SIMTA runs into Defence road block


The Australian Defence Force’s most senior logistician says soldiers supplied from the proposed Moorbank intermodal terminal site must come first

SIMTA runs into Defence road block
SIMPTA runs into Defence road block

By Anna Game-Lopata | March 30, 2012

The Australian Defence Force’s (ADF) most senior logistician says soldiers supplied from the proposed Moorbank intermodal terminal site must come first.

Speaking today at the 2012 Australian Logistics Council’s (ALC) forum covering intermodal freight issues, Air Vice-Marshal Margaret Staib AM CSC Commander Joint Logistics said her number one priority is to support operations around the globe.

She said the 83 hectare west Sydney Moorebank site, where the Sydney Intermodal Terminal Alliance (SIMTA) plans to build a new intermodal terminal, is essential for the consolidation of the cargo dispatched to support
14 separate operations around the globe.

"This includes about 5,500 soldiers, many in austere conditions," Air Vice-Marchal Staib says.

The site, owned by Qube Logistics, QR National and Stockland is currently being leased back to Defence Logistics under the premise that it will be vacated in time for the new terminal to begin development in 2013.

As SupplyChain Review reported yesterday, Qube Managing Director Maurice James told delegates at the ALC Forum he has been in discussions with Defence on the issue for some time.

Marice claims he has secured an agreement with Defence Logistics for a staged withdrawal from the SIMTA site to coincide with Stage One of the development in 2013.

But Air Vice-Marshal Staib, while acknowledging the discussions, says Defence Logistics is unlikely to be in a position to vacate the site until 2014.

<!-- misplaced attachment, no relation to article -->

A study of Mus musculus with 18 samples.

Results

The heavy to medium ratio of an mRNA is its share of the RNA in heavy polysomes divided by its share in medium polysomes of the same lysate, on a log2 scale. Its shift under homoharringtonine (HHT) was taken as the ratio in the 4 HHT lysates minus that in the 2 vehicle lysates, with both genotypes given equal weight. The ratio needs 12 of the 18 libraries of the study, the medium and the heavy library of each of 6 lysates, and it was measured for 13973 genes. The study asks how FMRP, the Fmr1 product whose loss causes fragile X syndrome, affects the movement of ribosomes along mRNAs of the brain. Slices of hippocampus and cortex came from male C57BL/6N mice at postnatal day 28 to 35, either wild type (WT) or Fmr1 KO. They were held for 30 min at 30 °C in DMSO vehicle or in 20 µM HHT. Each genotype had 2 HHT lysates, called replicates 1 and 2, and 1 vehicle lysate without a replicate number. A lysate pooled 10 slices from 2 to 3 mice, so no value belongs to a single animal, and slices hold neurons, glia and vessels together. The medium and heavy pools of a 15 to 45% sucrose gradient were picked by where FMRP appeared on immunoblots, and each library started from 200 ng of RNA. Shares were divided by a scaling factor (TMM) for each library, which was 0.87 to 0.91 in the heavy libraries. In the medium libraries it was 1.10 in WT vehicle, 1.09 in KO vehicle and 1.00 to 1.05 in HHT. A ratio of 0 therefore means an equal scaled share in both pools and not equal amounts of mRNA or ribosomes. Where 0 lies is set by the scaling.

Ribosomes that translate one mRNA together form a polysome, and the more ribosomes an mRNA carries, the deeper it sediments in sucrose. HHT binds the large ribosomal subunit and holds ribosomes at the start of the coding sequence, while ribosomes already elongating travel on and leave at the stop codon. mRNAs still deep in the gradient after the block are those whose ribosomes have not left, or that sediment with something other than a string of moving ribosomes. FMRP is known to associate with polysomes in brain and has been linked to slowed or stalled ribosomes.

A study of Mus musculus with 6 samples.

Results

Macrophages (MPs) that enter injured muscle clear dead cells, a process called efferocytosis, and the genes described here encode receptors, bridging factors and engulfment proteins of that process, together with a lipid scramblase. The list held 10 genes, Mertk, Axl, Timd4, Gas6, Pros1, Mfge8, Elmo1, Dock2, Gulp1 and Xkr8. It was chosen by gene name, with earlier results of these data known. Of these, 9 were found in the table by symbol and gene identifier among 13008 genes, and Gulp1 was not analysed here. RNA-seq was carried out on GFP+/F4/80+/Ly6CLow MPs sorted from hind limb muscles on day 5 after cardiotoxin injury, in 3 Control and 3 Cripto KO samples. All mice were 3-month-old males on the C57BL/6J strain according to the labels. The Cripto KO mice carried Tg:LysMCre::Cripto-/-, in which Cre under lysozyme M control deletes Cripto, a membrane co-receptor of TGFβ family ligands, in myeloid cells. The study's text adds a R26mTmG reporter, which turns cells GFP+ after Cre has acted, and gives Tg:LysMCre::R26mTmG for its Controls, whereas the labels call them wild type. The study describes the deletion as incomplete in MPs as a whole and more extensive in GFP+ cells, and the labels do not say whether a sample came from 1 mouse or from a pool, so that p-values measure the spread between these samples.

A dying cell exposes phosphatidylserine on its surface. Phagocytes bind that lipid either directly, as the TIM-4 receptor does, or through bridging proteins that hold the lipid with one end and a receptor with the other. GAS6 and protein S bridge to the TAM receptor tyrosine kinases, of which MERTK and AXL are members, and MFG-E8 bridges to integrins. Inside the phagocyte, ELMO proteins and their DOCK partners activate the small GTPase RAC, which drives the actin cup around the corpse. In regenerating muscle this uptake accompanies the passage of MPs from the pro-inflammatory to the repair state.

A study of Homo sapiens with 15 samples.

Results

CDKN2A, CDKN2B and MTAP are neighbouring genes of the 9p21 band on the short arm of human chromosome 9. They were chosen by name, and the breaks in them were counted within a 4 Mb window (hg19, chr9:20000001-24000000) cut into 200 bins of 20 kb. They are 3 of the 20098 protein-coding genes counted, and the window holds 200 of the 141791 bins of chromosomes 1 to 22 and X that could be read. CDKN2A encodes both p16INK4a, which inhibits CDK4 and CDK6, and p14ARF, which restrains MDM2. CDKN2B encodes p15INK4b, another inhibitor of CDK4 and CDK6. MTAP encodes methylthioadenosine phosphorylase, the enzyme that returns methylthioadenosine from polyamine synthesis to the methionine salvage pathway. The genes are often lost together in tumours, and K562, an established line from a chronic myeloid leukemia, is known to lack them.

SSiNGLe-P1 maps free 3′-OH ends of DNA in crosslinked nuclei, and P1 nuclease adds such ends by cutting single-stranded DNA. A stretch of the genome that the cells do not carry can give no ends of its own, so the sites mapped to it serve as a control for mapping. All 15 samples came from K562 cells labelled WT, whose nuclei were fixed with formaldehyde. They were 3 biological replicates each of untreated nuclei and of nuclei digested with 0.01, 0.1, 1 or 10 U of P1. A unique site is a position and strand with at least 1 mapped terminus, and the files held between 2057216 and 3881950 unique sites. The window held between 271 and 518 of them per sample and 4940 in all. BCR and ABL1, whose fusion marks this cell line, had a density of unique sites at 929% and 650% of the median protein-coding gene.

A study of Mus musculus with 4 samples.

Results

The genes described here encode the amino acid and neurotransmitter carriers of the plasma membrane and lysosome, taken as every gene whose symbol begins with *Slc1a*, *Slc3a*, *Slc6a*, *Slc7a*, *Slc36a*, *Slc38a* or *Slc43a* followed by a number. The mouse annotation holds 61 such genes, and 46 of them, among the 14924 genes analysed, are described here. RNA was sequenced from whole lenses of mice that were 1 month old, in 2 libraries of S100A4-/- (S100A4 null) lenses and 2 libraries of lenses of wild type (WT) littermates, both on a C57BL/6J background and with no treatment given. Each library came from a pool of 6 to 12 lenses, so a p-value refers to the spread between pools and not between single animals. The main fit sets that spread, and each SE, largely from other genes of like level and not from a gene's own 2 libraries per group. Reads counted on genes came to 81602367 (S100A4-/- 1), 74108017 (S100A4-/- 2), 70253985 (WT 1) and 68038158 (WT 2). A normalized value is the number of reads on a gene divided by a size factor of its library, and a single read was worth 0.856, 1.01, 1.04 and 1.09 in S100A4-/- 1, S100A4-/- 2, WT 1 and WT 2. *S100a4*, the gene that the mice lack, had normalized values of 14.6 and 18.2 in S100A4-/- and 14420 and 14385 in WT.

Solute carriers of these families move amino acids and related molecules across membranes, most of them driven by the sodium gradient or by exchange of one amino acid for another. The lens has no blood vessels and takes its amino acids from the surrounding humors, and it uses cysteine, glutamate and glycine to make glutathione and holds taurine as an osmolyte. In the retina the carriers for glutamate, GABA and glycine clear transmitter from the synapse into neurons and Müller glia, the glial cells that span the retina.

"In terms of where Joint Logistics Command fits in, we have put a lot of effort into moving off the SIMPTA site to an adjacent property owned by Defence," she says.

"While our Moorebank site is important, it is just one of seven sites the ADF is re-developing as part of its $2.4 billion national transformation program.

"We are currently at the fifty percent design level stage, pending second class approval from the government."

Air Vice-Marshal Staib says if parliamentary approvals expected in May and July come through, Defence will only be ready to begin construction on its adjacent site in November this year.

"Given the size of facilities which not only include warehouses, but a parachute tower and maintenance facilities for tanks, trucks and weapons, we won’t have all that complete until the end of 2014," she says.

"I am moving as fast as I can, but I can’t bend physics and I can’t proceed until we get government approval, which I believe that is imminent."

"Qube is talking about progressively releasing land and we are talking with them about that, but I cannot afford to interrupt our operations at that site because of its close linkages with our requirements overseas."

The proposed Moorebank Intermodal Facility has been recognised by both government and industry as highly critical to the future efficiency of freight movements along the choked networks servicing Port Botany.

Though opposed by the local community, the SIMTA proponents say their billion-dollar proposal could remove 2,700 truck movements from Port Botany roads annually.

SIMTA is proposing a state- of the art facility with the capacity to handle a million TEUS using a shuttle dedicated to trips back and forth to the port.

With warehousing facilities on site, the hub will also aim to handle 40 percent of incoming volumes, to significantly improve the efficiency of last mile operations for its users.